NEW YORK (TheStreet) -- New Jersey Governor Chris Christie finds himself ensnared in child's play.
The Republican governor addressed the press on Thursday to apologize for lane closures to critical highways in New Jersey seemingly ordered by close aides, who did so as political revenge.
But the criticism isn't simply about a few traffic lane closures; instead, it paints Christie and his administration as approving actions more characteristic of youngsters than professionals.
"There are lines of politics that you do not cross," Michael Goldman, a 45-year Democratic consultant, said in a phone interview from Boston. "It's a scandal because there is a sense that after an election is over that the job of a Republican, Democrat , independent -- whoever wins -- is to do public service."
Now, though, the release of emails from some of the governor's senior staff who called for lane closures of critical commute routes to New York City and elsewhere -- supposedly ordered as a type of punishment on Fort Lee Democratic Mayor Mark Sokolich for not supporting Christie's reelection campaign -- could create the perception that Christie is an overgrown child.
Christie supporters say this incident won't stick to the governor in the long term, as they argue he didn't have any knowledge of the emails and that this was strictly the work of his aides -- a similar argument Christie delivered on Thursday.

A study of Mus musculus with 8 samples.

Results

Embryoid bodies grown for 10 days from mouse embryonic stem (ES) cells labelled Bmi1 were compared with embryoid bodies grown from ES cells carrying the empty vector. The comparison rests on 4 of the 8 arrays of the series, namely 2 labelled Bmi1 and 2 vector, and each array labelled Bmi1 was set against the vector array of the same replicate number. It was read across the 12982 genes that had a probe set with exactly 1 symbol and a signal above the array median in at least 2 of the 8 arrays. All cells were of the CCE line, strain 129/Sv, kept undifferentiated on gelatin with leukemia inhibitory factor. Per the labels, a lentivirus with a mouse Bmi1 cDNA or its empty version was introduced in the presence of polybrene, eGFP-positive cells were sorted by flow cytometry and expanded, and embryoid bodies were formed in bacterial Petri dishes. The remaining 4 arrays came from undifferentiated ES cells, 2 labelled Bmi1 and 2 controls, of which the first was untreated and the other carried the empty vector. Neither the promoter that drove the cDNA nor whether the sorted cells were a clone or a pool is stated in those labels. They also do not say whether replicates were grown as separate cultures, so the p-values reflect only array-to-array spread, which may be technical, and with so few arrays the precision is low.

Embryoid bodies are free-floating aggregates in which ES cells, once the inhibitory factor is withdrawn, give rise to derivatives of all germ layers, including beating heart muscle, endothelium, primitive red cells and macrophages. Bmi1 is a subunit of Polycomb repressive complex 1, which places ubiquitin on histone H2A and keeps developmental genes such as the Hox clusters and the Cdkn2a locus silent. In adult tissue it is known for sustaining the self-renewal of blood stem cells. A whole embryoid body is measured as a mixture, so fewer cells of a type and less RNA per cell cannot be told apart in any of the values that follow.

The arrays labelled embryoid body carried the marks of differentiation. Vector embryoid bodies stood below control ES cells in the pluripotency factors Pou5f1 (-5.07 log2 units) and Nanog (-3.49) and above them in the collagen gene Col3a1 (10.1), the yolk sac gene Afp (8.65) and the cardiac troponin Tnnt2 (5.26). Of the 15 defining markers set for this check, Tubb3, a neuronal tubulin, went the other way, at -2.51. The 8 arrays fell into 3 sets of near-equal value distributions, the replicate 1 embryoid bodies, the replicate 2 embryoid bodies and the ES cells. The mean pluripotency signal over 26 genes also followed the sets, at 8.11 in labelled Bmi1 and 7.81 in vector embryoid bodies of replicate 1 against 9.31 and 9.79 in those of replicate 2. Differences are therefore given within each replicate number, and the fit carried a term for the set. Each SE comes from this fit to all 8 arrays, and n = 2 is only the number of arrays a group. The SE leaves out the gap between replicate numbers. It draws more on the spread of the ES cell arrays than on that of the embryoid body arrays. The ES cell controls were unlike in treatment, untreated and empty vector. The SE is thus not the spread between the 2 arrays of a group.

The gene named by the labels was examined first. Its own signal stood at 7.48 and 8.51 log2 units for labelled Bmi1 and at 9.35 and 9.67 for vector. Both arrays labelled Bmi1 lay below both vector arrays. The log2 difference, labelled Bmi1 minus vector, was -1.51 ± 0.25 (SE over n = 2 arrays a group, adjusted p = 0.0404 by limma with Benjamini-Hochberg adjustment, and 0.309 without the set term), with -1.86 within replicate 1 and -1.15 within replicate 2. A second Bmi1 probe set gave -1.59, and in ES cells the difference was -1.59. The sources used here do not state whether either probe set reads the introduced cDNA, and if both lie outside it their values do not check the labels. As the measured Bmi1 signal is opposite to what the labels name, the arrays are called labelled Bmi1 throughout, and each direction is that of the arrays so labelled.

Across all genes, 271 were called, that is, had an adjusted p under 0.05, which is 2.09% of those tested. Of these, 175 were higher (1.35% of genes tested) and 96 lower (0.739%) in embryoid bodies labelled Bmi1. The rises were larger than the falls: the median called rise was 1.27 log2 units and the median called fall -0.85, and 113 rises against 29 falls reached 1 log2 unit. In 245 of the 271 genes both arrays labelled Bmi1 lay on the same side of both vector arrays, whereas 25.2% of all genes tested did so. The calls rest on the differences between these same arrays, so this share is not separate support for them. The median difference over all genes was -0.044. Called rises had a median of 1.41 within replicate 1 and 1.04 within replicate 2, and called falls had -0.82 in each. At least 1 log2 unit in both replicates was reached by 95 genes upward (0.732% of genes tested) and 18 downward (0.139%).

"It gets picked up because Christie has had an incredibly good year, the last 12 months politically, and at some point the press is primed to bring someone down after he's had such a good run," Fergus Cullen, a Republican New Hampshire political consultant, said in a phone interview.
How "bridgegate" will unfold for the governor, and whether it shapes the minds of national voters, should Christie run for president, remains to be seen.
For one, he could emerge from the scandal unscathed, showing voters that he can handle great political pressure.
"It doesn't make the history books, and this is not going to be something that will be remembered that way," said Cullen.
But, voters could still blame on Christie for not keeping control over his own staff.
"You're going to tie up traffic, tie up school children, how many business men lost business because people couldn't go to their stores?" said Goldman. "If you had been stuck on that bridge, wouldn't you still be pissed?"
-- Written by Joe Deaux in New York.